Learning to dive in Belize is easy and safe. For me, it was also quick; the first day involved an intensive PADI video training and on the second day I was ready to go on my first dive! The same can’t be said for everyone learning to dive as it all depends on how quick you pick it up. The good news is that from my entire class, no one took longer than a week. And take into account that most people choose to take a day off during the course to relax or go on a tour.
My first dive in Belize went somewhat like this:
The loud motors of the dive boat slowed from their high-pitched whine to a baritone hum as we approached our dive sight near Ambergris Caye. The boat drifted towards a buoy, “I’ve got it!” shouted one of the dive masters. He then proceeded to tie the boat down as we eagerly geared up for our first dive.
“Ok students, we’re here,” said our diving instructor. A petite man, no more than five feet tall and nearly forty years old, who had a Belizean accent that always seems to differ from one Belizean to the next, based on their locale. I had a few questions on the tip of my tongue; but, he answered them before I could speak. I looked towards the horizon and saw nothing but ocean stretching out like a rolling mirror until it merged seamlessly with the horizon and the cloudless sky. “Belize is beautiful,” I gasped.
I grabbed my gear and shuffled toward the boat’s stern. I watched as the students before me preformed a back roll entry. They blindly plunged off the boat’s edge with expressions behind their masks that revealed both excitement and anxiety. They hit the water with clumsy splashes signaling my turn.
Following the instructions, I leaned backward falling the four feet into the water. Momentarily, after hitting the water, I could not recognize up from down. Remembering my training, I inflated my BCD so that I bobbed easily on the surface. The instructor promptly entered the water and signaled us to start our dive. I released the air from my BCD and began my decent.
At five feet, I felt a sharp pain in my ears. My mind raced, oh no! I can’t do this! Realizing my panic the instructor asked if I was ok. I responded with an ok signal and equalized my ears and sinuses as I had been trained the day before.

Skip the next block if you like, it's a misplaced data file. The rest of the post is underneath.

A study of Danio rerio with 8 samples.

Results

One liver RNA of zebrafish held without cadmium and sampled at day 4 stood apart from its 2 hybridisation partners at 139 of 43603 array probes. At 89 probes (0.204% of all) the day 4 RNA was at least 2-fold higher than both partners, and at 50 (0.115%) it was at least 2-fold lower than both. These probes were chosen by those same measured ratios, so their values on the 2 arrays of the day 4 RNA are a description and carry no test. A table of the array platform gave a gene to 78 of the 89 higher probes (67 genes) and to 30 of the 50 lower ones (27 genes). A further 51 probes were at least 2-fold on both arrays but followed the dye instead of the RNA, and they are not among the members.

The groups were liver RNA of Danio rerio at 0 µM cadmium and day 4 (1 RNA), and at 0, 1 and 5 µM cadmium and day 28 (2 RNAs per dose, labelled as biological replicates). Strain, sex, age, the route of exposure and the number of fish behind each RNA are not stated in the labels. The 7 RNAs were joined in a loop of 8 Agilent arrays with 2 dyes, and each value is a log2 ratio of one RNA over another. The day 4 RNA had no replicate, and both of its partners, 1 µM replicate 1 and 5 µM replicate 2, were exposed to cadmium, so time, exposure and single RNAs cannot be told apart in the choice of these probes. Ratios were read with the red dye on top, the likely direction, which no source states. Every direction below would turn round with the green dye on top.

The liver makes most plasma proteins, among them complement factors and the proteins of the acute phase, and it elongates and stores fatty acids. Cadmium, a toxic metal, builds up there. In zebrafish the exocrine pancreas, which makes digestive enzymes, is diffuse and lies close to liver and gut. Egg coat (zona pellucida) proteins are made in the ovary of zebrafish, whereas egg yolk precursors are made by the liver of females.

As my fear subsided, my eyes began to feast upon the kaleidoscope of colors that were the reef. The living coral that surrounded me was vibrant with colors I had never seen before in the natural world. First, I was struck by colonies of brain corals. Next, I noticed the sea fans swaying back and forth with the current in a dance of purple, pink and orange. Finally, I saw parrotfish that rivaled the colors of their flying counterparts swimming playfully back and forth between crevices and shadows of coral.
My instructor banged his tank to get our attention. He signaled us to follow him. We swam deeper. As we swam, the landscape changed. The corals gave way to canyons separated by sand stretching out into the deep. The formations looked like giant fingers resting flat on the sandy surface. We went to a depth of about fifty feet before the instructor decided to turn back.
As we returned near the boat the instructor signaled thumbs up to cue the ascent. At the surface, I removed my mask and inhaled the warm salt air. As I waited for the boat to pick me up, I had begun craving more of what would become a lifetime passion. Not just an adventure, not just an entirely different world, diving inspires me. Scuba diving is freedom.
Which type of emotion does Scuba diving bring you… Fear or ecstasy?